Research finds a way to immerse yourself in sound using technology already in your home
AN ‘immersive’ experience of games, films and music could soon be possible in the home using smartphones, laptops and tablets thanks to new research.
Computer vision and sound experts at the University of Surrey have demonstrated what they call ‘media device orchestration (MDO)’ – a home audio concept which enables users to enjoy immersive audio experiences by using all available devices in a typical living room. The MDO concept has been developed at Surrey in collaboration with the universities of Salford and Southampton, and BBC Research & Development. It was presented at the Audio Mostly conference in London yesterday (Thursday).
Researchers have demonstrated that a 3D or ‘spatial audio’ experience can be achieved by employing everyday home devices in the living room such as a laptop, smartphone or wireless minispeaker. The technology works by isolating different ‘objects’ within audio content, such as a particular voice, and connecting them to separate speakers available around the room. The concept could enable consumers to enjoy films, games, programmes and music in a far more immersive, multilayered and exciting way.
While it is possible to create 3D listening experiences using current spatial audio technology, this requires a complex set-up involving a multitude of speakers located at exact points in relation to the listener.
Because of these limitations, the technology cannot easily be replicated in a domestic situation and is generally limited to specialist environments such as cinemas and theme park experiences.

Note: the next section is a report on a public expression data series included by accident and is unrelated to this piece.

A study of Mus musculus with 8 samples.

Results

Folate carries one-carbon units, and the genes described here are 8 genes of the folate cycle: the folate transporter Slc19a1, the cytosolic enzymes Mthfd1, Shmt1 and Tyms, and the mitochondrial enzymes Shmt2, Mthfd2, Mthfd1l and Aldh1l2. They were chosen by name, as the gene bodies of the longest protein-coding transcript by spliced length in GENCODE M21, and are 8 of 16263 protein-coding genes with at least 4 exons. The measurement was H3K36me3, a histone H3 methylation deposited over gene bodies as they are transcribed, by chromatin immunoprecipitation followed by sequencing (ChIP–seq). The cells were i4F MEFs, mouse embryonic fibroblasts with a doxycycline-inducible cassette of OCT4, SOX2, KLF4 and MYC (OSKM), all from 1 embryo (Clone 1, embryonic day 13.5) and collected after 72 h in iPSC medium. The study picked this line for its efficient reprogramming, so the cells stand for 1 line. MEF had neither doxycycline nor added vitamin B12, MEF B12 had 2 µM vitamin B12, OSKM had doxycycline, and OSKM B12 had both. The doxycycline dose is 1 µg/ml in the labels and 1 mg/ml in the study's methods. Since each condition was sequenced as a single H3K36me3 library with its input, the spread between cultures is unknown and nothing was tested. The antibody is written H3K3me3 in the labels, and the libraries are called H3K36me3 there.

The MDO research is part of the £5.4 million five-year S3A project, funded by the Engineering and Physical Sciences Research Council (EPSRC), which is aimed at delivering a step-change in the quality of audio consumed by the general public.
With the advent of advanced home video technology such as 3D television, there is a need for audio technology to ‘catch up’ in order to match the visual experience. At the same time, the growth of virtual reality for video games and other applications is creating demand for a sense of sound which is all around the user.
Dr Philip Jackson, senior lecturer in machine audition at Surrey, said: “Most consumer audio transmitted into our homes is in the form of two-channel stereo which uses basic principles that have been around for over 130 years. To date, sophisticated multi-channel audio techniques have not helped to improve the listening experience for the general public. Our aim is to take spatial audio out of the lab and into people’s homes, and give users the impression of being at the heart of the action while in their living room.”
Dr Jon Francombe, research fellow in spatial audio in Surrey’s Institute of Sound Recording, said: “New spatial audio methods have often required consumers to buy and install specific systems. We’re trying to make immersive listening experiences available to anyone by intelligently re-purposing content for whatever devices they already have available. The feedback we’ve had on our demonstrations to date has been great. MDO produces a listening experience that’s different to normal surround sound but can be equally (if not even more) immersive.”
The MDO concept is being developed by the S3A team to automate the process of ‘labelling’ sounds and connecting them with speakers.